To honor the centennial of women’s right to vote, we thought it would be a good time to recall the efforts of one of the suffrage movement’s prominent advocates:
Grace Wilbur Trout (1864-1955) was an Oak Park heroine and suffrage leader. Elected president of the Chicago Political Equality League in May 1910, she became a state board member of the Illinois Equal Suffrage Association (IESA) and was elected its president two years later, with Jane Addams as her vice president.
Trout excelled at the use of persuasion and diplomacy in presenting the suffrage agenda. She organized the first suffrage automobile tour in Illinois, using a car borrowed from her neighbor, Charles Stiger, of the Winton Motor Company. Along with other suffrage leaders, Trout visited 16 towns in five days, giving speeches urging support for women’s suffrage and explaining why women needed the right to vote.
As IESA president, Trout launched a statewide campaign to pass a bill in the Illinois State Legislature granting women the right to vote in presidential and municipal elections. She took a nonpartisan approach to gain support for the suffrage bill. She studied the interests and needs of each legislator and figured out ways to avoid having the bill killed in committee. She also lobbied Gov. Edward Dunne. According to one account, “For 14 weeks, Mrs. Trout gave of her time and energy unstintingly, working practically day and night.” The bill was finally passed on June 11, 1913, making Illinois the first state east of the Mississippi River in which women could vote for the U.S. President.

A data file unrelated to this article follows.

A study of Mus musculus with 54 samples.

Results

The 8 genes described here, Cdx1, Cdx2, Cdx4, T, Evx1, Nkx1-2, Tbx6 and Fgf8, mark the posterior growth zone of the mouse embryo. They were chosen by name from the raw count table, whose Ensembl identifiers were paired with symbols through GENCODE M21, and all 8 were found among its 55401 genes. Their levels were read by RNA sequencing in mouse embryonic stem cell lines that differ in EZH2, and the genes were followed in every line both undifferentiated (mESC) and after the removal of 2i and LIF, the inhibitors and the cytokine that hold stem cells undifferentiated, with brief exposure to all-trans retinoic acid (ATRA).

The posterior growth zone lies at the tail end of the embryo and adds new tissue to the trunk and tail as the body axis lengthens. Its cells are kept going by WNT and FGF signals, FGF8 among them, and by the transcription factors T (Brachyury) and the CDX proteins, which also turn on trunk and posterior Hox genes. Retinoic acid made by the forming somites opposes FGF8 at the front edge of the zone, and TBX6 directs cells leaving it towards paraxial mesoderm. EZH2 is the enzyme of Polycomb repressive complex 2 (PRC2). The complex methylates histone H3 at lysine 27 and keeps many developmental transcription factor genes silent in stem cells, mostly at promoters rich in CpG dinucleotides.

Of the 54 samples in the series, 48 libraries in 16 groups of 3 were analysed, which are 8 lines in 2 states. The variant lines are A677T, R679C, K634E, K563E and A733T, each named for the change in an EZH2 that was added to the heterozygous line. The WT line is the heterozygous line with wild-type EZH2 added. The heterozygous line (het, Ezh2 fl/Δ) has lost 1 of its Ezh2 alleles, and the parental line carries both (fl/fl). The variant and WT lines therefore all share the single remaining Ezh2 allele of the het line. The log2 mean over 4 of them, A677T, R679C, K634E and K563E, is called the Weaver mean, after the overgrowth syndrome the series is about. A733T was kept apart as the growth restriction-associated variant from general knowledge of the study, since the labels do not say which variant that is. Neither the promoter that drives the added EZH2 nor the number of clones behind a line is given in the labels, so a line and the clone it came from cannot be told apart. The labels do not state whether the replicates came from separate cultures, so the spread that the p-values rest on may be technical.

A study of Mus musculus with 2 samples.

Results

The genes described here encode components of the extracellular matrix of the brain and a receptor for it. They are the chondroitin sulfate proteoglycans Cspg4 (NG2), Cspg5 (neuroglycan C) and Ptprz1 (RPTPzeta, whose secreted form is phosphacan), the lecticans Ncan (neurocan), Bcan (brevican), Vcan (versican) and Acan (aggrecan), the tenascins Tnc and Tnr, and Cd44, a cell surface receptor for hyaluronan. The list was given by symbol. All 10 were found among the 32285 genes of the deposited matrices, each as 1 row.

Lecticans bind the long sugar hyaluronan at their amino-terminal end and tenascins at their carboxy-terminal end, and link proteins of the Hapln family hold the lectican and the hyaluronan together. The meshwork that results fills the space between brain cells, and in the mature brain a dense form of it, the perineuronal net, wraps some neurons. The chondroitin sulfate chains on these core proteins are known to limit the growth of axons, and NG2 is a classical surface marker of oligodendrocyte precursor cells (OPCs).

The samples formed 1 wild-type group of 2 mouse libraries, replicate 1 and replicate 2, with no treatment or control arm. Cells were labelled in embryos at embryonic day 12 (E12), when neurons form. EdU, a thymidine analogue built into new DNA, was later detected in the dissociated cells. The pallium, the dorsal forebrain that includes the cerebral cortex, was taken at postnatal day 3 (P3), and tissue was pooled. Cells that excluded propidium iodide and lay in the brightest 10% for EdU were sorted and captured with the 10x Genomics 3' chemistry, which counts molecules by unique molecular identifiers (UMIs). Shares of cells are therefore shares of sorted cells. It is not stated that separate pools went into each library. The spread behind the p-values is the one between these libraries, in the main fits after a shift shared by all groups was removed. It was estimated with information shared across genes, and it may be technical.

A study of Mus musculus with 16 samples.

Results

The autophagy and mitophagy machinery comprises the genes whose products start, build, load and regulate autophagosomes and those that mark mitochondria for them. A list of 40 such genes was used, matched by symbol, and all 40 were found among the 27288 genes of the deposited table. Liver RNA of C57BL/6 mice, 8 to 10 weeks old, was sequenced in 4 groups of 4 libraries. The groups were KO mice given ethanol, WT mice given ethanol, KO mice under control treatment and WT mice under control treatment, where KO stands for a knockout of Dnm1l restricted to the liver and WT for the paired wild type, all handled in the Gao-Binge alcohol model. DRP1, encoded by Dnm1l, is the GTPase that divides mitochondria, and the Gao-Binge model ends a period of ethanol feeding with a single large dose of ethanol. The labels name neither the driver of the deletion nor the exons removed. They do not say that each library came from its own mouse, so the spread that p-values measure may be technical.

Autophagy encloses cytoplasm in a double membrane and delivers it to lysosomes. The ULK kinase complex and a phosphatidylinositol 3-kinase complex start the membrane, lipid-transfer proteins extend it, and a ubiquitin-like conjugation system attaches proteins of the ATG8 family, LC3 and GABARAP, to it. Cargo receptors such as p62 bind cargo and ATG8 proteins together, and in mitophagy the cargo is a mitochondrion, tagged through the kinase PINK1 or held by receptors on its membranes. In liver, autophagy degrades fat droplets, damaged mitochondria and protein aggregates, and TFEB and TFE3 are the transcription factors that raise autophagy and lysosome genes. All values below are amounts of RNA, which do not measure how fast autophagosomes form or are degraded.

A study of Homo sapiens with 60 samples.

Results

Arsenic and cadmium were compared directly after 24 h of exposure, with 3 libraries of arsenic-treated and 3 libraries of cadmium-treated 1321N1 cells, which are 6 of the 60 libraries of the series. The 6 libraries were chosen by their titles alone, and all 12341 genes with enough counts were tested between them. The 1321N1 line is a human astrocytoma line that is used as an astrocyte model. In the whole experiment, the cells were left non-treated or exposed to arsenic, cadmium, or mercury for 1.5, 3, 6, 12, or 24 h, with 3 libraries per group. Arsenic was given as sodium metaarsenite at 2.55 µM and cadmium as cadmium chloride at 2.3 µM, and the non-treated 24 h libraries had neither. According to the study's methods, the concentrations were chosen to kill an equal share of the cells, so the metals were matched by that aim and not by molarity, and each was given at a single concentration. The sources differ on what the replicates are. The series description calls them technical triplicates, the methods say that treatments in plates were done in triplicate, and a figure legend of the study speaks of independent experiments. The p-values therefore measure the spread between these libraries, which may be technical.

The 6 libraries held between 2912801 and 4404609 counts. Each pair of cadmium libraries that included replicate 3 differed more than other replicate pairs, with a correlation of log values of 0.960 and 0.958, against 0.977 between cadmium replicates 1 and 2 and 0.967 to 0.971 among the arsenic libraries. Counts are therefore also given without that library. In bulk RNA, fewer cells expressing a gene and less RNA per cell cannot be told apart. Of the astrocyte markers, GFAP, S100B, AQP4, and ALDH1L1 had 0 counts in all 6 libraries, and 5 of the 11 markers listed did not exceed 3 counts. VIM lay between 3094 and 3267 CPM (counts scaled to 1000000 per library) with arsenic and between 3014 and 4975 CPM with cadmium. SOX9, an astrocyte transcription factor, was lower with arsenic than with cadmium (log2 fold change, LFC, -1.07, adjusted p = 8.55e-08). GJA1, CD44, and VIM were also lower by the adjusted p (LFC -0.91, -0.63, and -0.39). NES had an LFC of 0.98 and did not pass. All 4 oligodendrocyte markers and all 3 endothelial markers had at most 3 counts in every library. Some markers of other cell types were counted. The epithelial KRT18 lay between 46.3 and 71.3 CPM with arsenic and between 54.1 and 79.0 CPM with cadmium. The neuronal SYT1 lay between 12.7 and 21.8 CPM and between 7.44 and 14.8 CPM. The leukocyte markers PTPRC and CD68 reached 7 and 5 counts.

Trout spent the next two years successfully defending the new voting rights law from attempts by opponents to repeal it or have it declared unconstitutional. She published a suffrage edition of the Chicago Examiner in August 1913 and helped register more than 200,000 women to vote. She also pushed for suffrage at the national level, raising $40,000 to support the cause in Illinois. She was reelected president of the IESA in 1916 and successfully fought for a constitutional convention resolution providing for full suffrage for Illinois women.
In 1916, she organized a suffrage parade in Chicago for the National American Woman Suffrage Association. More than 5,000 women marched down Michigan Avenue to the Republican National Convention to press for a woman suffrage plank in the party platform, a measure that was adopted. She later met with President Wilson seeking his support for a constitutional amendment. When Congress finally passed the Nineteenth Amendment, she ensured that Illinois was the first state to ratify it, on June 10, 1919. When the amendment was fully ratified, the IESA decided that its work was finished; it was succeeded by the Illinois League of Women Voters. Trout retired to Florida, where she continued her activism.
For all of these reasons, the League of Women Voters of Oak Park-River Forest, the Oak Park River Forest Museum and the Nineteenth Century Charitable Association have lobbied to have her recognized on the National Votes for Women Trail. A marker will be dedicated to her on the site of her Oak Park home next spring.
Mary Ann Porucznik is a member of the League of Women Voters Oak Park-River Forest and the Collections Committee chair for the Oak Park River Forest Museum/Historical Society.